Issues Related to Professional Values and Ethics

Addiction professionals have a unique opportunity to identify, educate, and counsel clients with an FASD or possible FASD, children with an FASD or possible FASD, and families affected by FASD. Prevention, early identification and intervention can significantly limit adverse consequences of alcohol abuse. To identify, educate, and counsel effectively, addiction professionals need to recognize the differences in risk factors, presentation, and treatment relevant to these targeted populations. Treatment plans must be tailored to the client’s needs and provide comprehensive plans to address the multifaceted issues presented. Prevention tools should be available and used by treatment practitioners as an important part of their practice.

 IMPORTANT

Working with clients with an FASD can be challenging and frustrating. The addiction professional may be tempted to end contact as soon as possible and let the family and aftercare providers take over. However, continued involvement can help in the transition to aftercare and ongoing recovery. The addiction professional can help the family and client through the transition by referring them to resources and assisting in accessing services.

Maintaining a supportive attitude will help the family deal with the many issues they will face as the client moves from treatment to the community and ongoing recovery. The addiction professional needs to strive for a nonjudgmental attitude toward clients and families affected by FASD. He or she should not assume that FASD is hopeless and services are not worth the time, expense, or effort. The addiction professional needs to treat clients and families affected by FASD in a respectful manner and refer them to community resources that can provide support. NOFAS maintains an online directory Exit Disclaimer Graphic that can be used to identify support groups and other resources.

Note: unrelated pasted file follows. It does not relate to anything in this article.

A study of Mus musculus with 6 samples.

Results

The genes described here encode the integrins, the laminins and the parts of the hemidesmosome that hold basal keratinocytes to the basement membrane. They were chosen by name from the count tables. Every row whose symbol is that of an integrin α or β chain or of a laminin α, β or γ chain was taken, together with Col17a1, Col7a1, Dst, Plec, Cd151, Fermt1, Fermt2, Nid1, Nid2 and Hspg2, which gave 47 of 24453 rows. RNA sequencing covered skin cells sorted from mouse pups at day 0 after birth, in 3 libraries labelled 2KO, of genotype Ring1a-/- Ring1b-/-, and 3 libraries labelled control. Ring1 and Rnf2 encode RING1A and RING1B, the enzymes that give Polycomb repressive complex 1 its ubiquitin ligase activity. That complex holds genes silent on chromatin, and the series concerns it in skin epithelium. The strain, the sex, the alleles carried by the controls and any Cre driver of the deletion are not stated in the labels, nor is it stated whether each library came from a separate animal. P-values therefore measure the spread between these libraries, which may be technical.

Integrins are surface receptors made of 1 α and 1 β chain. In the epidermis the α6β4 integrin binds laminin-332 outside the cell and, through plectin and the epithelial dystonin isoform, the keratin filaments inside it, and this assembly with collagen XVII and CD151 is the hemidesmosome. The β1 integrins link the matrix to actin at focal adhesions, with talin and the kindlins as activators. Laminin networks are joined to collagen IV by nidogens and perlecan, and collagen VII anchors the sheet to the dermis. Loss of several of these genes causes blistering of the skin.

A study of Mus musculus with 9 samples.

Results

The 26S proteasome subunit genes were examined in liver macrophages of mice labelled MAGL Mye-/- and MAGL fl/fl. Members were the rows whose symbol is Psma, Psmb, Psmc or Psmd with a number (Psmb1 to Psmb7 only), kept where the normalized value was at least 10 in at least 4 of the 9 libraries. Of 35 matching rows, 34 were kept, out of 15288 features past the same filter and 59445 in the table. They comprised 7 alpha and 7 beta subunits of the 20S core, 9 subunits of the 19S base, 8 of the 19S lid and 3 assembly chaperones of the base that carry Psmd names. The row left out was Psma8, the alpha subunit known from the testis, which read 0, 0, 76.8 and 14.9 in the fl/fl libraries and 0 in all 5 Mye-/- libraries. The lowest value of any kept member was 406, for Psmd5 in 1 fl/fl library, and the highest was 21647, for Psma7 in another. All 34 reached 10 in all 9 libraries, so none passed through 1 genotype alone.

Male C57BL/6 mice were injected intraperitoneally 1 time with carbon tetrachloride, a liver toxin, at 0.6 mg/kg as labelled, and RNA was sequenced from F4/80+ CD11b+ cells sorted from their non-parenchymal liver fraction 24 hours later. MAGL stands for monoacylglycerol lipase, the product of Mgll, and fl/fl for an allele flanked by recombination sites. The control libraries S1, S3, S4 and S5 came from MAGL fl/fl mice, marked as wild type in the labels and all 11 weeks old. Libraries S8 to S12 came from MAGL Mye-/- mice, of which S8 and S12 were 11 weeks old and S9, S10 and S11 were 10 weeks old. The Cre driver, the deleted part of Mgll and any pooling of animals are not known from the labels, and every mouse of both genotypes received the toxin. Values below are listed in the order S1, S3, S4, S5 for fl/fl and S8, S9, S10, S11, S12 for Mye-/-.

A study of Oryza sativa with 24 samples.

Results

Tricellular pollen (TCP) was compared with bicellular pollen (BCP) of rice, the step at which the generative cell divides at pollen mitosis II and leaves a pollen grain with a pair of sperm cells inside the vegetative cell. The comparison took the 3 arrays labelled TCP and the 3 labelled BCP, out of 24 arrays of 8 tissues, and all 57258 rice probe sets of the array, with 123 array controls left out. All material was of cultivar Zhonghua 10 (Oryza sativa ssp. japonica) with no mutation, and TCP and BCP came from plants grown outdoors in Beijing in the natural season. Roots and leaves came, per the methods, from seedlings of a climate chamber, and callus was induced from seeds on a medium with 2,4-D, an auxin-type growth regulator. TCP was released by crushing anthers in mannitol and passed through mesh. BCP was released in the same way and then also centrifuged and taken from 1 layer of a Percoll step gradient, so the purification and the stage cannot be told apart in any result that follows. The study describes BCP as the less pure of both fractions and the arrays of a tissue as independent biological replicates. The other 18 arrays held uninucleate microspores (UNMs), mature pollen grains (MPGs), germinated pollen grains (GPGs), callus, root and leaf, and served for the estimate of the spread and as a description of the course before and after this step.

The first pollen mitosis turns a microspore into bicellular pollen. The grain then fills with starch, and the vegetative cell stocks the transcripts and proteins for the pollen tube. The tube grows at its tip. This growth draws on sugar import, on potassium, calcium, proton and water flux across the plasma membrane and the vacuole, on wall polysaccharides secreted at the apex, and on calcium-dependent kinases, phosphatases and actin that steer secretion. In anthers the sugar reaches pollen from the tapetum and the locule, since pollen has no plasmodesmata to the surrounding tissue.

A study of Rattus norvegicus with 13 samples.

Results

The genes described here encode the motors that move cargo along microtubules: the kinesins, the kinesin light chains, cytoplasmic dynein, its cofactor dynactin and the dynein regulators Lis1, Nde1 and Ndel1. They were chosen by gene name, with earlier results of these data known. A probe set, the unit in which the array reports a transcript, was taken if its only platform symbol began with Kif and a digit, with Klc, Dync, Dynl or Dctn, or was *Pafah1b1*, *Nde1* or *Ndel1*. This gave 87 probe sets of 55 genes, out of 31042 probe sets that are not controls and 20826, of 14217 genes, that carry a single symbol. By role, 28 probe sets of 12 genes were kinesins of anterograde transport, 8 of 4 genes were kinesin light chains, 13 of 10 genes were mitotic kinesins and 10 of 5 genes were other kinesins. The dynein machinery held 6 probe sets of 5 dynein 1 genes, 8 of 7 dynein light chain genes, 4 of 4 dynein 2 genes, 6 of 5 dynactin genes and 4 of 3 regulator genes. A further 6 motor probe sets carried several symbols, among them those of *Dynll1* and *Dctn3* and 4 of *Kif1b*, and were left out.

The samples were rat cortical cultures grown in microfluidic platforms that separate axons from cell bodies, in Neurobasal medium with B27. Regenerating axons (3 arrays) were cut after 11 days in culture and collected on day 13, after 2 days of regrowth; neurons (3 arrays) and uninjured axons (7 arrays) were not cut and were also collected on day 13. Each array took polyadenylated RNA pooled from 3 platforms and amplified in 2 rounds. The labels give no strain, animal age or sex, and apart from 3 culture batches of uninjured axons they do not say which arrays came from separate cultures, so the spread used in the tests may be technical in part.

African American counselor standing next to a girl who is seated and working on a computer

FASD is difficult for individuals and families. The condition carries a stigma and some clients and families may deny that the client has an FASD. Parents might feel guilty or ashamed that their child has an FASD. The client might find her condition embarrassing and frustrating. The addiction professional needs to treat the client and family with sensitivity and help them address these issues. Incorporating aspects of the client’s culture and spirituality may ease some of the difficulty. For example, using storytelling or spiritual metaphors may help with clients and families whose cultures frown on sharing personal information.

It is important to share information on the dangers of alcohol use during pregnancy with clients with an FASD and their families. The addiction professional needs to handle this issue sensitively. It is important to convey that FASD is serious without appearing to judge the client harshly. Sympathy toward the client’s difficulties living with an FASD can help in sharing the message that an alcohol-free pregnancy is best for the child. It is also important to frame any discussions about birth control within the context of the client’s culture and spiritual beliefs so that the client and her family are comfortable with any arrangements.

IMPORTANT

Compassion is especially important in arranging continuing care for clients with an FASD. To the extent possible, the addiction professional needs to educate service providers about FASD. Family members often have to teach service providers about FASD and support from the addiction professional can relieve the family’s stress and allow them to focus more on the services their family member needs.

FASD raises many difficult issues. Honesty and integrity are important. Being open with the client about problems stemming from his or her FASD is important. It is also important to share any troubling incidents or issues with the family so that they can assist in developing strategies to address them. These issues also need to be dealt with as part of continuing care arrangements. It does not help the client to withhold concerns that may arise later. Sharing any concerns with service providers and working out strategies is important in setting the stage for a supportive transition to aftercare and ongoing recovery.